The state may have allowed San Francisco and other Bay Area counties to exit the regional stay-at-home order as early as Jan. 8 if intensive care capacity improved, but the city isn’t waiting for the state’s direction it seems.
“We have been proactive in putting the stay at home order and travel quarantine in place to protect San Franciscans and in the hopes that by acting quickly, we could flatten the curve and re-open faster,” said Mayor London Breed in a press release. “This seems to be working but we need more time to determine that we are moving in the right direction and that the December holidays don’t set us back.”
Per the state’s rules, a region’s stay-at-home order can be lifted when remaining ICU capacity rises above 15%. The Bay Area’s current ICU capacity is at 8.5%. Based on current trends, and an expected post-holiday surge, San Francisco officials aren’t confident the situation will improve by Jan. 8.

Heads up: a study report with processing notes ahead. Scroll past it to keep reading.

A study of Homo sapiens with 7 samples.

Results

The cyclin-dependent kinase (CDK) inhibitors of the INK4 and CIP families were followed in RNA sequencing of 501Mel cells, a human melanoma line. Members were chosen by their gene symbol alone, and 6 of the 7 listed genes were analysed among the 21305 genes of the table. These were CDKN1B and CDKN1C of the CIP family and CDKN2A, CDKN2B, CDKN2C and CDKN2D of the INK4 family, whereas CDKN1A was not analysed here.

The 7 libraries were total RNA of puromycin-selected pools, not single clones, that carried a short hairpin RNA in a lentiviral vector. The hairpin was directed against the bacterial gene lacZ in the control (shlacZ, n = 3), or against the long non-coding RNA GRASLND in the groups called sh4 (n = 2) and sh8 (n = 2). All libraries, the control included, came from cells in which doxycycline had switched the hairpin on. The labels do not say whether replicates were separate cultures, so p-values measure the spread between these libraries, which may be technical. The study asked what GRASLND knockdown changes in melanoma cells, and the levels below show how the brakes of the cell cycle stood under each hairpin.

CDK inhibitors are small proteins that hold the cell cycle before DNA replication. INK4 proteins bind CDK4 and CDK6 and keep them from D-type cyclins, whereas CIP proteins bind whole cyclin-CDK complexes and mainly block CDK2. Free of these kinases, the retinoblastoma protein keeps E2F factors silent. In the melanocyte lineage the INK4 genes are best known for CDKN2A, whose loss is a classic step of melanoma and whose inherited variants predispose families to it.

Other Bay Area counties have worked in conjunction with San Francisco in the past. When we asked local health officers if they’d be extending their orders, Alameda, Contra Costa, Marin, Napa, San Mateo, Santa Cruz and Sonoma counties said they’d all move in conjunction with the state’s timing. (We’ll update this story as we hear back from more counties.)
Under the stay-at-home order restrictions, most non-essential businesses, like gyms, movie theaters, museums, salons and barbershops, have to stay closed. Only retail stores can be open at 20% capacity. Restaurants are only allowed to be open for takeout and delivery.
All social gatherings of any size, indoor and outdoor, are technically banned.
INTERACTIVE: Here’s the reopening status of every Bay Area county
Editor’s note: This story was updated to reflect new ICU capacity numbers and include responses from other local counties.